London, 1800. Things aren't going too well for engraver William Blake.
His business lacks customers, his wife Catherine is nagging him over the bills, he's got trouble from the neighbours, he's driven to distraction by the ongoing war with France, he's seeing visions of the Apocalypse, his planned epic on the divine humanity remains unwritten and what's more he's being haunted by the stony-faced shade of the 17th Century poet and revolutionary John Milton.
In the midst of this heap of troubles, Blake receives an invitation from society author William Hayley to leave London and settle in the seaside village of Felpham, there to act as Hayley's amanuensis. Blake is unsure, but the death of a promising young art student the Blakes had befriended spurs them on to leave the Capitol and its woes behind them.
BLAKE: Leave the Eternal City of my Visions? What kindness has London ever showed me? Years of neglect and all the time ever more ugly. Once was I could walk over Westminster Bridge straight to St. George’s pleasant fields and onwards to pretty villages but now increasingly stone all around. The rural could always revive me. Success amongst the squirearchy? Hayley is an important man. A path to my epics’ popular airing?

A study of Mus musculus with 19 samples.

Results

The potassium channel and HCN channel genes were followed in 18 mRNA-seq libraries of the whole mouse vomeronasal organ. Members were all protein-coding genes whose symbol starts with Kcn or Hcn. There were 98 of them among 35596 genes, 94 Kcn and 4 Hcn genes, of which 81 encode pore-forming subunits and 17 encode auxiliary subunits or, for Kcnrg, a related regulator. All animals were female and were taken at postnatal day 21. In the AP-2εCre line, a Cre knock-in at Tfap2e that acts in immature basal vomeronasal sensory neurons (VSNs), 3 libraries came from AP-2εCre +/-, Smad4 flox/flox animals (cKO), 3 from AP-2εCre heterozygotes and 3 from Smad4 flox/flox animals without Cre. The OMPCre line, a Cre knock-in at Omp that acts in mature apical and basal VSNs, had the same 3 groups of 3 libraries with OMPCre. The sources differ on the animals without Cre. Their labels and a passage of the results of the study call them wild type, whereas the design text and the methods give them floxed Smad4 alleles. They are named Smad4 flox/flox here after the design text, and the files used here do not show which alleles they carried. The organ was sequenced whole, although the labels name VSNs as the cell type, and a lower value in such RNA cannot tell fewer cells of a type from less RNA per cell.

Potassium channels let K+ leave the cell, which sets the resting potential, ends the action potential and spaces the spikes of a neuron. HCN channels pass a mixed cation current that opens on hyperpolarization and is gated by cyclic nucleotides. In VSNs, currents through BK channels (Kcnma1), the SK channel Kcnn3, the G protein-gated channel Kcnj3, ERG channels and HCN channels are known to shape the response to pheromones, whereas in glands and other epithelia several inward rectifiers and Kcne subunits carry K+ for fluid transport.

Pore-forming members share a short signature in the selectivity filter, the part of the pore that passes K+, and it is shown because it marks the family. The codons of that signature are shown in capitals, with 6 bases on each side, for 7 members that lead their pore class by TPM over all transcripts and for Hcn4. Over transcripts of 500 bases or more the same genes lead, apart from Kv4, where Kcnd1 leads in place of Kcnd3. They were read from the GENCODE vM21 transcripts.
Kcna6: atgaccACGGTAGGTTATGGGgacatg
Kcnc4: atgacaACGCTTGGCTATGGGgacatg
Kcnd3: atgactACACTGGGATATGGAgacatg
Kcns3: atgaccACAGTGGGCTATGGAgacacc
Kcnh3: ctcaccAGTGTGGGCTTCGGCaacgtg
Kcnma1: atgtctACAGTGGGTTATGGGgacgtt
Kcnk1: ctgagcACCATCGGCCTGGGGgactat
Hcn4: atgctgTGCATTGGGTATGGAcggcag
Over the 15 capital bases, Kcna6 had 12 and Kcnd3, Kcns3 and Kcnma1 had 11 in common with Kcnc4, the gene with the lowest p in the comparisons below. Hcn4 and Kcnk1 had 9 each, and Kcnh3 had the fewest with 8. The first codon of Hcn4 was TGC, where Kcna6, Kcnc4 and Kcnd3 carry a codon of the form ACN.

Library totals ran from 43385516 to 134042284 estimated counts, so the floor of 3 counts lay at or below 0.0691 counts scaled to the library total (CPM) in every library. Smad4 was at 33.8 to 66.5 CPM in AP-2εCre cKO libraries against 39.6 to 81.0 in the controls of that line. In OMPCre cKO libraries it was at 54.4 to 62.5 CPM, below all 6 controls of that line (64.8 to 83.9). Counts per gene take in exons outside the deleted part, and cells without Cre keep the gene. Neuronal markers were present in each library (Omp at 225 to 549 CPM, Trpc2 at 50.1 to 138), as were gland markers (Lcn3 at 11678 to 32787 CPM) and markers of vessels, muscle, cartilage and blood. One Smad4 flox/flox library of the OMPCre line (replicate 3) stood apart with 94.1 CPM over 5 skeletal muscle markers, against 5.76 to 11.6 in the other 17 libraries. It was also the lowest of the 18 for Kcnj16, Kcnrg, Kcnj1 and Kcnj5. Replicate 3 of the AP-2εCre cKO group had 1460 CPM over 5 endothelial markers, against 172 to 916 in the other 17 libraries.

In Felpham, things don't quite work out the way Blake had 'em planned. Hayley has the engraver slaving away, illustrating banal verses about animals -"Interesting odes to valiant pets and vicious untamed things"). Catherine falls ill, Blake offends the local Lady of the manor, Milton's still spooking him and his only respite is a few stolen moments of casual sex with country girl Mary.
William Blake's vision is growing dim...
Things come to a head when Blake discovers Catherine in a compromising position with his patron. Blake's paranoia runs amok. When a drunken soldier barges into the garden of his cottage for a piss, Blake reacts angrily and shoves him out.
This leads to a charge of sedition. Only the timely arrival of lawyer Samuel Rose, hired by the forgiving Hayley, rescues Blake's body from prison. At the same time, Blake's spirit is saved by his encounter with the naked and youthful Lamb of God, who reignites Blake's divine vision and gives him the prelude to his epic -
William and Catherine return to London after their "three years sojourn" in Felpham, him vowing to "get on with my mission" and "never make these mistakes again."